A new report shows shortages continue for a variety of professions across all health care settings which was highlighted during the COVID-19 pandemic.

“As the pandemic began to ease, I think people thought, well OK, shortages should ease right, and they haven’t,” said Jean Moore, who leads the Center for Health Workforce Studies.

That was reflected in an annual report compiled by the University at Albany’s CHWS studies from a variety of data sources.

“If you’re a provider trying to understand the workforce, you’re having to go all these different places,” program manager Robert Martiniano said. “So, we want to put all in one place.

Among the key findings was a growth in health care jobs statewide that varied by location and a shortage of registered and licensed practical nurses.

“What we saw in rural areas is that there are not enough people going on for higher education, they end at high school if not before,” Martiniano said. “You can’t talk about be a nurse practitioner or a physician’s assistant or even a registered nurse if you’re not talking about furthering your education.”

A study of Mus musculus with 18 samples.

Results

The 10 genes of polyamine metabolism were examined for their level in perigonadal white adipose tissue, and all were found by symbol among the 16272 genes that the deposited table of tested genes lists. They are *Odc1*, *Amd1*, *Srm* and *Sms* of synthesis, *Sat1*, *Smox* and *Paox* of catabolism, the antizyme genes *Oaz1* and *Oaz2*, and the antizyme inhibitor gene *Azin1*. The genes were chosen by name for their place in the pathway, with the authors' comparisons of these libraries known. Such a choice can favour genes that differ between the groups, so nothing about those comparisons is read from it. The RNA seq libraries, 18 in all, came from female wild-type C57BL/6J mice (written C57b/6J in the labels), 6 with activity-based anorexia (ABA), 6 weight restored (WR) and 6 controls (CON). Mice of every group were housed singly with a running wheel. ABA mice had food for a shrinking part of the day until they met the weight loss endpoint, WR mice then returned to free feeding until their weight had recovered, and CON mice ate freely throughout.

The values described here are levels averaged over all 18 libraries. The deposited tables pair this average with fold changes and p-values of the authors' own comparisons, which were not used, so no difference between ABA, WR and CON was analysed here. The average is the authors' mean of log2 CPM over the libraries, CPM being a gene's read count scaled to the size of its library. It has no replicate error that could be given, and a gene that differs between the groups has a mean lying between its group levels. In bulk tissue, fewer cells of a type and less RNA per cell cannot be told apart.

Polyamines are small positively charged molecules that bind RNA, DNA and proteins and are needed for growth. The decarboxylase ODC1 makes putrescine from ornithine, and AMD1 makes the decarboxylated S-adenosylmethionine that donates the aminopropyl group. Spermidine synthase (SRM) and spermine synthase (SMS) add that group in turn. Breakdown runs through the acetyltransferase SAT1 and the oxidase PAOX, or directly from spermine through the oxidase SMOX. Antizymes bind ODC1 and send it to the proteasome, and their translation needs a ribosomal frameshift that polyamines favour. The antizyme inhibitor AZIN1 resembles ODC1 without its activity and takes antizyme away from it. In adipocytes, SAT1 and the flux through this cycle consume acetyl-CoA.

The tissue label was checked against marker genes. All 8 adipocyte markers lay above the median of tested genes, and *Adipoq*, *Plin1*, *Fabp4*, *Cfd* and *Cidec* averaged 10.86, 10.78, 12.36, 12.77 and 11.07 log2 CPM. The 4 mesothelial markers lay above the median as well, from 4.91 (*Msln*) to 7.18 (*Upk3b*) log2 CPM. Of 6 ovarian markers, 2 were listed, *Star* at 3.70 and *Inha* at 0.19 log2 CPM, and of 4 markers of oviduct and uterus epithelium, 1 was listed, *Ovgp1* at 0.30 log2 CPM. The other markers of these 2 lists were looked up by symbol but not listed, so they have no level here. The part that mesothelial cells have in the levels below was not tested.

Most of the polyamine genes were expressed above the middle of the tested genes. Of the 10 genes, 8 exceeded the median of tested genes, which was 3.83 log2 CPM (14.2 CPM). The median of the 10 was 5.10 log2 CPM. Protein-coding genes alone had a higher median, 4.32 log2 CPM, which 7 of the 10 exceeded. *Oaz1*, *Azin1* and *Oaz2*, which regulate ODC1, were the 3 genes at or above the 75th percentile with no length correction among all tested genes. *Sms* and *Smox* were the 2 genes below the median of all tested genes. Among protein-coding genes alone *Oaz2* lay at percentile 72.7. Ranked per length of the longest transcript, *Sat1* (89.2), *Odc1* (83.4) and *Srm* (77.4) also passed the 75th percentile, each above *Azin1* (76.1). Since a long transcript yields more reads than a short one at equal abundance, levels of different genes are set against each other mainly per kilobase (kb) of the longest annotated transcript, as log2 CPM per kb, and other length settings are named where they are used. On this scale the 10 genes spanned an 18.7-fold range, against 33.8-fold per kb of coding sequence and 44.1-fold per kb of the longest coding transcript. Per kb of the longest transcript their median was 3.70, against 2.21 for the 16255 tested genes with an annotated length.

Experts say any issue with the workforce must be a broader discussion around not only health care but the education system and bolstering incentives like loan repayment for health care workers who agree to work in shortage areas.

“The best way to get a physician to that area is to have them practice in that area as part of a rotation so they get used to that community,” explained project director David Armstrong.

The working conditions many health care workers cite are another hurdle providers are facing with retention.

“People are leaving the bedside hand over fist right now and that’s what our problem is,” said Kathryn Dupuis, a longtime registered nurse in the Capital Region.

Beyond the need for better pay and benefits, Dupuis says new nurses are thrown into a pervasive culture.

“That leads to brand new nurses turning to brand new nurses for advice when there is a problem and that causes them to leave,” she explained. “If they don’t feel they have someone to turn to in the middle of an emergency, they’re not going to feel safe with the practice they’re providing.”

Experts are hoping reports like these can shed light on solutions.

“Because ultimately workforce leads to health care and health care leads to outcomes for our patients,” Martiniano said.